Contusions are areas of small hemorrhages surrounded by necrotic brain, usually at the gyral peaks in the frontal and temporal lobes where the brain is surrounded by uneven skull which it strikes during trauma. A hematoma is a mass of blood, free of intervening brain, which pushes the surrounding brain aside. Contusions may evolve and become larger, leading to increasing edema, necrosis, and extension of the contusion.
Small contusions may simply be observed, but large contusions, particularly those occurring in the temporal lobes, where a small mass can cause significant neurological deterioration, should have early surgery. If necessary, temporal or frontal lobectomies, including resection of up to 4 cm of the dominant temporal lobe or 6 cm of the non-dominant temporal lobe, may be performed. Contusions in eloquent brain may be observed and treated with aggressive management of increased intracranial pressure. Multiple contusions are treated in the same way. However, if one of these evolves and becomes a dominant intracranial mass, it may require removal. The majority of contusions can initially be treated non-surgically.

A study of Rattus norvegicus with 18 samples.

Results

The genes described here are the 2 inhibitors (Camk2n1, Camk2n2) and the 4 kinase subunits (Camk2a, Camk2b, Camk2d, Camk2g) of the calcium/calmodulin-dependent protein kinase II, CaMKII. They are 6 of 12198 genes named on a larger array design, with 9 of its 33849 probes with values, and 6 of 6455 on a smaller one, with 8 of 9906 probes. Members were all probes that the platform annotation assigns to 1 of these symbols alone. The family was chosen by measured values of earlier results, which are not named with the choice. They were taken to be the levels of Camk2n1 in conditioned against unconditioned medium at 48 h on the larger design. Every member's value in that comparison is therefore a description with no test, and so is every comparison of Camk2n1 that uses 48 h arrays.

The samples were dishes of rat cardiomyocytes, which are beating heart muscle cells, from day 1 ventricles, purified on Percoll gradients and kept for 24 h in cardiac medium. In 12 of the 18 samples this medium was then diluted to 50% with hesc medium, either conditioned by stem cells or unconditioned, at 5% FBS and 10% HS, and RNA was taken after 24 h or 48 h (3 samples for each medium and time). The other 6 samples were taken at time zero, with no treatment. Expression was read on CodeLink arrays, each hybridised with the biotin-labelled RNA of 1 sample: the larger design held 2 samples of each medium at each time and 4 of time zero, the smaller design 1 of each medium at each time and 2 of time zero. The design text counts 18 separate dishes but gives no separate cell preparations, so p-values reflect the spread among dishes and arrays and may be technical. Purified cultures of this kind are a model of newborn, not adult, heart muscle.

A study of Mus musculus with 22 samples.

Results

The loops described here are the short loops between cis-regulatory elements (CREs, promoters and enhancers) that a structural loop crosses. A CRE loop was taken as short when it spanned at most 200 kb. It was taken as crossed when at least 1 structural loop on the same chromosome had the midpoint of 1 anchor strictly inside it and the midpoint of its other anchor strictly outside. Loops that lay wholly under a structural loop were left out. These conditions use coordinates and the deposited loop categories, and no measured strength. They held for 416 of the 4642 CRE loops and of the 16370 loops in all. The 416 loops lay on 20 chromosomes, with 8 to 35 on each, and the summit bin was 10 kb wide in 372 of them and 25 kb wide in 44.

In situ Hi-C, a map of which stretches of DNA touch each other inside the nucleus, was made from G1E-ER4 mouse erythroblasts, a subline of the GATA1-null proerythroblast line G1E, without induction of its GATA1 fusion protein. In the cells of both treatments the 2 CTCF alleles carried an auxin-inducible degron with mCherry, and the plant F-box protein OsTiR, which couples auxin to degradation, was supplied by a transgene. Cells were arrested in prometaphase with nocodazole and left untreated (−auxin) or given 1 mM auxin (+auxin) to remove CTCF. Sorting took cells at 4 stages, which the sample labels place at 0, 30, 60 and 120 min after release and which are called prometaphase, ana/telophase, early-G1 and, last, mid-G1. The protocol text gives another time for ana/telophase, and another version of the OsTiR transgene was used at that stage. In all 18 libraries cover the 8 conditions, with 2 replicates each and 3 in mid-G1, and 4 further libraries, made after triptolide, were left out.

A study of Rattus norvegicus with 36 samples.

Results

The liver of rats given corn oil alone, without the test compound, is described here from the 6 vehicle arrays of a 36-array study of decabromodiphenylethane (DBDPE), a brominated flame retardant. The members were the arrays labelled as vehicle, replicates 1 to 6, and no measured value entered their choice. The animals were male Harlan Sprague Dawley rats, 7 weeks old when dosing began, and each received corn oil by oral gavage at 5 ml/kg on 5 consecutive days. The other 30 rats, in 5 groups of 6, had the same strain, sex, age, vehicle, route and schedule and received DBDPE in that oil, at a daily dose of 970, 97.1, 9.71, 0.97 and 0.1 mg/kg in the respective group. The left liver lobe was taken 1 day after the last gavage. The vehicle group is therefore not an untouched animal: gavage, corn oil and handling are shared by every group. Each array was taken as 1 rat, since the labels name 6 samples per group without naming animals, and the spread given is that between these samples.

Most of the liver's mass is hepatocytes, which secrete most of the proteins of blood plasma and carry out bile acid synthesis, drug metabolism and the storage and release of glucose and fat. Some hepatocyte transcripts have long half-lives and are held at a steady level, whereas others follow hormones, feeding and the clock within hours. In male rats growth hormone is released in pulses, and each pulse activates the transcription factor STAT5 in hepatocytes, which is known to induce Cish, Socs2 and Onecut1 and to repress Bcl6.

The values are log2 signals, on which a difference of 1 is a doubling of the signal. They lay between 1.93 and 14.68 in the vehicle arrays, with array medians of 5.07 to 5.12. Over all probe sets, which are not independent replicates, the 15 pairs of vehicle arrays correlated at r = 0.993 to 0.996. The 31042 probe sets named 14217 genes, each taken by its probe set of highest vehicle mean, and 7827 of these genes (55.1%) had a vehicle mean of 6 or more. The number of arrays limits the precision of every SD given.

Post-traumatic intracerebral hematomas are uncommon. As with contusions, temporal hematomas are much more likely to cause neurological deficit than frontal or occipital hematomas. In a study of patients with intracerebral hematoma involving a single lobe, no patient with either frontal or parieto-occipital hematomas developed signs of transtentorial herniation, whereas 17 per cent with temporal lobe hematomas developed herniation syndrome. No patient with temporal hematomas less than 30 ml showed herniation findings, whereas 17 per cent of patients with hematomas larger than 30 ml had herniation findings ( Andrews et al. 1988).
The surgical treatment of hematomas is similar to that of contusions. We recommend that all patients with a Glasgow Coma Scale (GCS) score of 8 or less receive intracranial pressure monitoring. Hematomas are evacuated in patients who are deteriorating neurologically, have midline shifts greater than 1 cm, medication-resistant intracranial pressure elevations, and temporal hematomas greater than 30 ml.
Delayed traumatic intracerebral hematomas commonly occur within the first 48 to 72 h following injury. They usually occur in areas of brain with small or unseen trauma and/or hypoxia. Significant hypotension following trauma appears to be an important contributor to the formation of these hematomas. Indications for surgical treatment of delayed hematomas are similar to those for primary traumatic hematomas.